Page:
I have an Ikea dresser with smoked glass panels recessed in the front of each drawer, and there are six identical drawers stacked on top of each other (www.ikea.com/us/en/catalog/products/40129591). I was looking at it the other day, and thought, "Hey, why not try to make it into an EQ?" I'd like to have it driven either by a line level signal (in which case, I'd still want to be able to pull the signal out the other side, unchanged) or by a microphone/pickup of some kind. 

So my questions are: 

What would be the simplest way to make the controller to drive the EQ bar lights?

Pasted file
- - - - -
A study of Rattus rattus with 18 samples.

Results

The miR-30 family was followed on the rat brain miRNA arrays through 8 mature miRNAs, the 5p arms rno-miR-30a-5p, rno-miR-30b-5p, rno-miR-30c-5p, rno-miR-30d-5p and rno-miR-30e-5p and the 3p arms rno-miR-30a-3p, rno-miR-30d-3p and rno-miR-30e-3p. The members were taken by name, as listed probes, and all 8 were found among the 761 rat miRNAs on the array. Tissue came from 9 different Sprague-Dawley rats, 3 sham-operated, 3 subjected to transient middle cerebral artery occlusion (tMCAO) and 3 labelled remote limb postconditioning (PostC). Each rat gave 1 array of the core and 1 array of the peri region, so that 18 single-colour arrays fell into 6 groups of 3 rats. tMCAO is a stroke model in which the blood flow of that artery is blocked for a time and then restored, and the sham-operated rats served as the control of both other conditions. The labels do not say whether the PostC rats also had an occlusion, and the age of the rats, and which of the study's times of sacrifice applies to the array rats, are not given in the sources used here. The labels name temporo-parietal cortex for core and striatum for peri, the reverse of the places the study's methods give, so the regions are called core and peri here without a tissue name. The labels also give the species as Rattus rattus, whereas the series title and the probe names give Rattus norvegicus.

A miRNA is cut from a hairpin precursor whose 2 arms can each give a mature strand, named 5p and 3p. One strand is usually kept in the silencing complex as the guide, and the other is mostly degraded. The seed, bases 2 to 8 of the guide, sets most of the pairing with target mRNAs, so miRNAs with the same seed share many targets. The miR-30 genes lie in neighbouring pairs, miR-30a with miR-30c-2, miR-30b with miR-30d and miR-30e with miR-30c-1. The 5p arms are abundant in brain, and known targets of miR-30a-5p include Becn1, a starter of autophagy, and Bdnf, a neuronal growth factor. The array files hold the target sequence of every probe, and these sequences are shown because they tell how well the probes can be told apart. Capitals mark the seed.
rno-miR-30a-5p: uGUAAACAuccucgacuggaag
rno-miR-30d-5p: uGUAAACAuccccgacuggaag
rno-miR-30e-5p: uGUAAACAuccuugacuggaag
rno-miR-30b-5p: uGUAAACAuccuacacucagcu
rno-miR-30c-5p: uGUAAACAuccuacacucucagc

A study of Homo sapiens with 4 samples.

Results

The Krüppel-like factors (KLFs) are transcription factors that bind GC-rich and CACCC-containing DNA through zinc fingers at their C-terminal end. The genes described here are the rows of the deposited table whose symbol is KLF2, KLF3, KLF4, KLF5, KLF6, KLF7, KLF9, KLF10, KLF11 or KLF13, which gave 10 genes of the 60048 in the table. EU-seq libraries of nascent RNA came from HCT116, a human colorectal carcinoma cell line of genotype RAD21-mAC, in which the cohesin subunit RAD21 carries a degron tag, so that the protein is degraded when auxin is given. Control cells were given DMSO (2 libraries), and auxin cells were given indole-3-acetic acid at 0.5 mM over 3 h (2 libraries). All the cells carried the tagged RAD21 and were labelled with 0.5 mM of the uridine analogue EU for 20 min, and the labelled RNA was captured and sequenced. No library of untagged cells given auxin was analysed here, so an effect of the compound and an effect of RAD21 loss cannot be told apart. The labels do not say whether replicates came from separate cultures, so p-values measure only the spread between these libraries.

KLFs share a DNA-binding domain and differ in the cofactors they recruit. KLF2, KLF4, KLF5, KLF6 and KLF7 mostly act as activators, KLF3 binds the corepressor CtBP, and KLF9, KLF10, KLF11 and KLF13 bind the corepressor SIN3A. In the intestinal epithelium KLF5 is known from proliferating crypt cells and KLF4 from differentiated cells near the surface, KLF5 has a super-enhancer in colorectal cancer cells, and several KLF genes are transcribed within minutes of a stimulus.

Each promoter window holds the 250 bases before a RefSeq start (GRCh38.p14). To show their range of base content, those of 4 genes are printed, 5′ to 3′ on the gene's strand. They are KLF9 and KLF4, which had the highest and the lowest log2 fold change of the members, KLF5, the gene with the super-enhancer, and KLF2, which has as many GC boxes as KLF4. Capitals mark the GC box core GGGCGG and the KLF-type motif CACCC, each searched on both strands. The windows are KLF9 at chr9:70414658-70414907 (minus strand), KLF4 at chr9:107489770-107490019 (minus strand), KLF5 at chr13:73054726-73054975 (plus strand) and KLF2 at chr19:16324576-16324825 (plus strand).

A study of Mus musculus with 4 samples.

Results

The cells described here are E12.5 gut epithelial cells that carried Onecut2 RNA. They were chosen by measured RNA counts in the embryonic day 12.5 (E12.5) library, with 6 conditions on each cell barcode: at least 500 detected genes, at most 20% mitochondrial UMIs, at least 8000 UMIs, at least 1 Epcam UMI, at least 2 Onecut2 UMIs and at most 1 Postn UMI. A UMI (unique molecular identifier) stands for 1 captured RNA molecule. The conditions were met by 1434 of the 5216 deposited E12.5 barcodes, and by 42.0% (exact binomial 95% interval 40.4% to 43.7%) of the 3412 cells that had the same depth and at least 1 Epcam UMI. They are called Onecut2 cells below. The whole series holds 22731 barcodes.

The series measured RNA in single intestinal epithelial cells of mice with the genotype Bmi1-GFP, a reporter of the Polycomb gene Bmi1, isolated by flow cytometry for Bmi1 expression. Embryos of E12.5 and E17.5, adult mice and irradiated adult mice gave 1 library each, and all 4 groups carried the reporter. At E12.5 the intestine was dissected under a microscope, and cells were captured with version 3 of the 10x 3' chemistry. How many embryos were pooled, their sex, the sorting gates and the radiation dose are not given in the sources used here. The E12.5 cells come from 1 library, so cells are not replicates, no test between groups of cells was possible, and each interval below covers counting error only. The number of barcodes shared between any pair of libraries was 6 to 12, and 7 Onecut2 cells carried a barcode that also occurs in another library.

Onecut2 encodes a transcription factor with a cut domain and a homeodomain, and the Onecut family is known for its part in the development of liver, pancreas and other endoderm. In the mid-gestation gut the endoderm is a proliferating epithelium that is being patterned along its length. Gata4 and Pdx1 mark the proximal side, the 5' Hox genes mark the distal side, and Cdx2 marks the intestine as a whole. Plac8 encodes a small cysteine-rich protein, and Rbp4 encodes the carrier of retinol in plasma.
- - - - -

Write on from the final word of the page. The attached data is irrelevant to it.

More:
Is it feasible to use incandescent light bulbs to light the glass, or would it be difficult/impossible to sync them precisely to music?


I agree with Alex.  Personally, I find it might be difficult to use LEDs as it would take many to light up each drawer effectively.

I would recommend using cold cathode lighting (the tubes commonly seen as ground effects on cars and in pimped computer cases).  They're not that expensive, and they put out a great deal of light.  You would need to connect each output of the LM3916 to transistor capable of supplying the 12 V needed for each inverter box for the lights.

The easiest way you could do it is with a LM3916

then wire the outputs of that ship to some transistors and then to your lights

you can use incandescent lights, but they take a lobger time to cool down, LEDs turn off faster

Incandescents also take longer to turn on. I tend to agree with the LED suggestion.